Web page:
The U.S. Supreme Court should outlaw forced union dues in the public-sector when it hears the Mark Janus case early next year, argued a legal brief submitted to the court Wednesday.

The Competitive Enterprise Institute (CEI) filed the amicus brief in support of Mark Janus who managed to take his fight against forced public-sector union dues to the highest court. Janus and two other Illinois state workers argue in their lawsuit that mandatory union dues violate their constitutional rights.

The U.S. Constitution bans compelled speech – including being forced to fund political activities. The lawsuit argues that public-sector union bargaining is political in nature because it deals with the allocation of taxpayer dollars and government resources.

The CEI brief details several instances in which unions have used compelled dues to engage in political advocacy – in an alleged violation of constitutional law. It specifically points to examples from unions like the American Federation of Teachers, the National Education Association, and the Service Employees International Union.

“For too long, the government has forced workers to pay for controversial political activities by unions that they do not support and that have nothing to do with union representation,” CEI labor policy expert Trey Kovacs said in a statement provided to InsideSources. “The Supreme Court should provide choice over whether to pay for labor union representation for millions of teachers, firefighters, and other public employees.”

The American Federation of State, County and Municipal Employees (AFSCME) is the primary union that the lawsuit targets – but the eventual aim is to end mandatory dues or fees for all public-sector workers by setting a legal precedent at the Supreme Court.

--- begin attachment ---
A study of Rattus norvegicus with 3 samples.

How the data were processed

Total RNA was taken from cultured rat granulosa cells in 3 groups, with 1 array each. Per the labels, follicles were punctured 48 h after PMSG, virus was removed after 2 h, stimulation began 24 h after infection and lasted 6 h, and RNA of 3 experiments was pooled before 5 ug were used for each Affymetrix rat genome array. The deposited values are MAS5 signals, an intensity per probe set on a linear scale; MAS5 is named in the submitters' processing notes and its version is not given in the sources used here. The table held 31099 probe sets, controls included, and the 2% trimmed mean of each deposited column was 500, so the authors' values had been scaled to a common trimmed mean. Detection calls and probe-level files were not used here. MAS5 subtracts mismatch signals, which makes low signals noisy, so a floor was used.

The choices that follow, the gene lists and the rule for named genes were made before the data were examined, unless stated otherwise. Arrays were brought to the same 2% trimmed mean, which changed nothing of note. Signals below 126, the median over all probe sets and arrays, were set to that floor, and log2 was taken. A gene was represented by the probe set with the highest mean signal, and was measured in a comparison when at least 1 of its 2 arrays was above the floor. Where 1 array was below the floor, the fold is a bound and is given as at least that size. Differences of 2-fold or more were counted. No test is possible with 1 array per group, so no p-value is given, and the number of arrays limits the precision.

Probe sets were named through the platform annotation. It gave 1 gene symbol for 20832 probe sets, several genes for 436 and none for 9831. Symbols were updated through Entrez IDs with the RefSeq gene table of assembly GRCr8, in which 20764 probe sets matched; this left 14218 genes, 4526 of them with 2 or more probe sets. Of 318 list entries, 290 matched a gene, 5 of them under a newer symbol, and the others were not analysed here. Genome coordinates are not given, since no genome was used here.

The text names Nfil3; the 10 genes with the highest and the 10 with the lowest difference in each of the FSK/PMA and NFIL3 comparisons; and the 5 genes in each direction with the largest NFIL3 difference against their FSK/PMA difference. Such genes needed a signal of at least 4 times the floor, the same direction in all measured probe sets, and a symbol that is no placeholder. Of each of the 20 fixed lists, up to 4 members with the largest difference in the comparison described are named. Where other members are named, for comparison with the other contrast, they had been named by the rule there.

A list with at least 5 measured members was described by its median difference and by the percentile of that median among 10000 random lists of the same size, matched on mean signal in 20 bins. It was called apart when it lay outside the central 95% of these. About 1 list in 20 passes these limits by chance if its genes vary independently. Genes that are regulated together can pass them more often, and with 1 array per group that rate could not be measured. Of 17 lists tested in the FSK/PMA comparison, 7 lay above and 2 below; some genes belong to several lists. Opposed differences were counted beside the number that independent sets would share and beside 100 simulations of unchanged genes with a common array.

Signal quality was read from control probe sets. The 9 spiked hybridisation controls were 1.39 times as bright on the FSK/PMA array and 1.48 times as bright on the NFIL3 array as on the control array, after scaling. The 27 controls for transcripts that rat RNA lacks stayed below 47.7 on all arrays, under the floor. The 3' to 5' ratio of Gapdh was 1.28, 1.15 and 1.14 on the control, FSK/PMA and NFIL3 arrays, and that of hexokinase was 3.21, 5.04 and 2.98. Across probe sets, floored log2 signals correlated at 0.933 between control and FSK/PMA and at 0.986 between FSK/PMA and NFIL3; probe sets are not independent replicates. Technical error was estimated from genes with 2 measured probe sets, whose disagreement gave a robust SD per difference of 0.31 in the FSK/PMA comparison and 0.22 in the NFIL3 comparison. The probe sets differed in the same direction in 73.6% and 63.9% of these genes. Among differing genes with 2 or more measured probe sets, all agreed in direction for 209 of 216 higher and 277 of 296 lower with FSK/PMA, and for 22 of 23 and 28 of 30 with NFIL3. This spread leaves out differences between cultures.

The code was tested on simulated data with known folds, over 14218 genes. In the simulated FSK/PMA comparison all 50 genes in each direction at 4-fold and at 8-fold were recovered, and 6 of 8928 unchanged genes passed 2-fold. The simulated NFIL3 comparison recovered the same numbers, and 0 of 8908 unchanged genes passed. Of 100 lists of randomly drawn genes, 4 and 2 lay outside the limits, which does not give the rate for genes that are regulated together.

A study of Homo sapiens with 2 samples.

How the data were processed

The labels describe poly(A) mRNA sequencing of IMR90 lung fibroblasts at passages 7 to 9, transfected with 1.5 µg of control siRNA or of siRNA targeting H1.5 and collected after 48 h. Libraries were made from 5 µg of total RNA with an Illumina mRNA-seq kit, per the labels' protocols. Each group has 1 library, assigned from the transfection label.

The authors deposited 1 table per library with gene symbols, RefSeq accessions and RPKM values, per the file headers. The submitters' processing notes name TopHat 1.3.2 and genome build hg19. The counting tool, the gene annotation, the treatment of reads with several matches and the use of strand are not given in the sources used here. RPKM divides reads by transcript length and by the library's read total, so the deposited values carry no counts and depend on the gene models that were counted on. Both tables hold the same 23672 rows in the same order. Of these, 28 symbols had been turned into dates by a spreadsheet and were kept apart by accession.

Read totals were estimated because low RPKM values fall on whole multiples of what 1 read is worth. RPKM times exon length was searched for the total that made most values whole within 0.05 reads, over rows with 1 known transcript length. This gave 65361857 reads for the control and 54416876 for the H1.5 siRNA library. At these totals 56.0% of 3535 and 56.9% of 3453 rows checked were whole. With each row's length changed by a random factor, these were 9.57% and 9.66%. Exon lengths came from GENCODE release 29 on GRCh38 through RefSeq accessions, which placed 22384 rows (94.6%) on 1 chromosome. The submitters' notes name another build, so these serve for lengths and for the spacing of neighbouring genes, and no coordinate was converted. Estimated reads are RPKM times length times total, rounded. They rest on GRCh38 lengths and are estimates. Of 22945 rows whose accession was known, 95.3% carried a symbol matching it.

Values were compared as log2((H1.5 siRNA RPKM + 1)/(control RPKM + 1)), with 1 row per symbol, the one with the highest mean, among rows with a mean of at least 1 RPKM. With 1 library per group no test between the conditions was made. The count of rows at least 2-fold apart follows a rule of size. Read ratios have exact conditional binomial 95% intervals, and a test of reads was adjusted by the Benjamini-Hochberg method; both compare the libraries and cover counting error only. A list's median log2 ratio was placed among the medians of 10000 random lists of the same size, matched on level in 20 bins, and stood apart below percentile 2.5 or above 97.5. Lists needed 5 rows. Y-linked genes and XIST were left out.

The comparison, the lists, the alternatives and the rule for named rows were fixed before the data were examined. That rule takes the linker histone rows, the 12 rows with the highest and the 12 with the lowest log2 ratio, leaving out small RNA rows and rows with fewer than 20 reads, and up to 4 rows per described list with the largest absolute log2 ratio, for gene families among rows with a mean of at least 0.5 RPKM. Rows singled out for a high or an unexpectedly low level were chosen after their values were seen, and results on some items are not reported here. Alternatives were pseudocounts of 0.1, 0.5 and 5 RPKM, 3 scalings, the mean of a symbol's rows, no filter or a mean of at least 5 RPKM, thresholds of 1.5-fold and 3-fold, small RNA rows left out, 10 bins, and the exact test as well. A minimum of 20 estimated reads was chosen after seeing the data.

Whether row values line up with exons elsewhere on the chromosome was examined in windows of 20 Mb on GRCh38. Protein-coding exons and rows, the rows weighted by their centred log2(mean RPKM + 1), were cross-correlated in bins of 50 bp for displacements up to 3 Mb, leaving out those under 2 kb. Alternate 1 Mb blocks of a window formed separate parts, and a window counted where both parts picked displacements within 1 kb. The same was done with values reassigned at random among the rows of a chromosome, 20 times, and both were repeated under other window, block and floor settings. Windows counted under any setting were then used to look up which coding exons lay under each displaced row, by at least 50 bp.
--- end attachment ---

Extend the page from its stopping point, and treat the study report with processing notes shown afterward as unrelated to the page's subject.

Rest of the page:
The legal brief details how the union featured a lengthy “AFSCME for Hillary” program during its convention last year – when the presidential election was still underway. The convention also called for gun control legislation and opposition to voter-identification laws. Democratic nominee Hillary Clinton even gave a speech during the convention.

Labor unions and their supporters claim that optional dues encourage workers to free-ride on the benefits they fight for. Workers might decide not to fund their union knowing that they will get the benefits anyway. But critics counter that it’s really about giving workers a choice instead of forcing them to fund an organization they might not support.

Labor unions cannot require anyone to be a member but they can require payments from employees once they organize a workplace. Nonmembers must be given the option to pay a nonpolitical fee instead of full dues. The 1977 case Abood v. Detroit Board of Education set the current standard, which the lawsuit hopes to overturn for public-sector workers.

The Supreme Court decided to accept the case Sept. 27 following a split decision for an identical case last year. The National Right to Work Legal Defense Foundation (NRTW) has been assisting in the lawsuit alongside the Liberty Justice Center (LJC).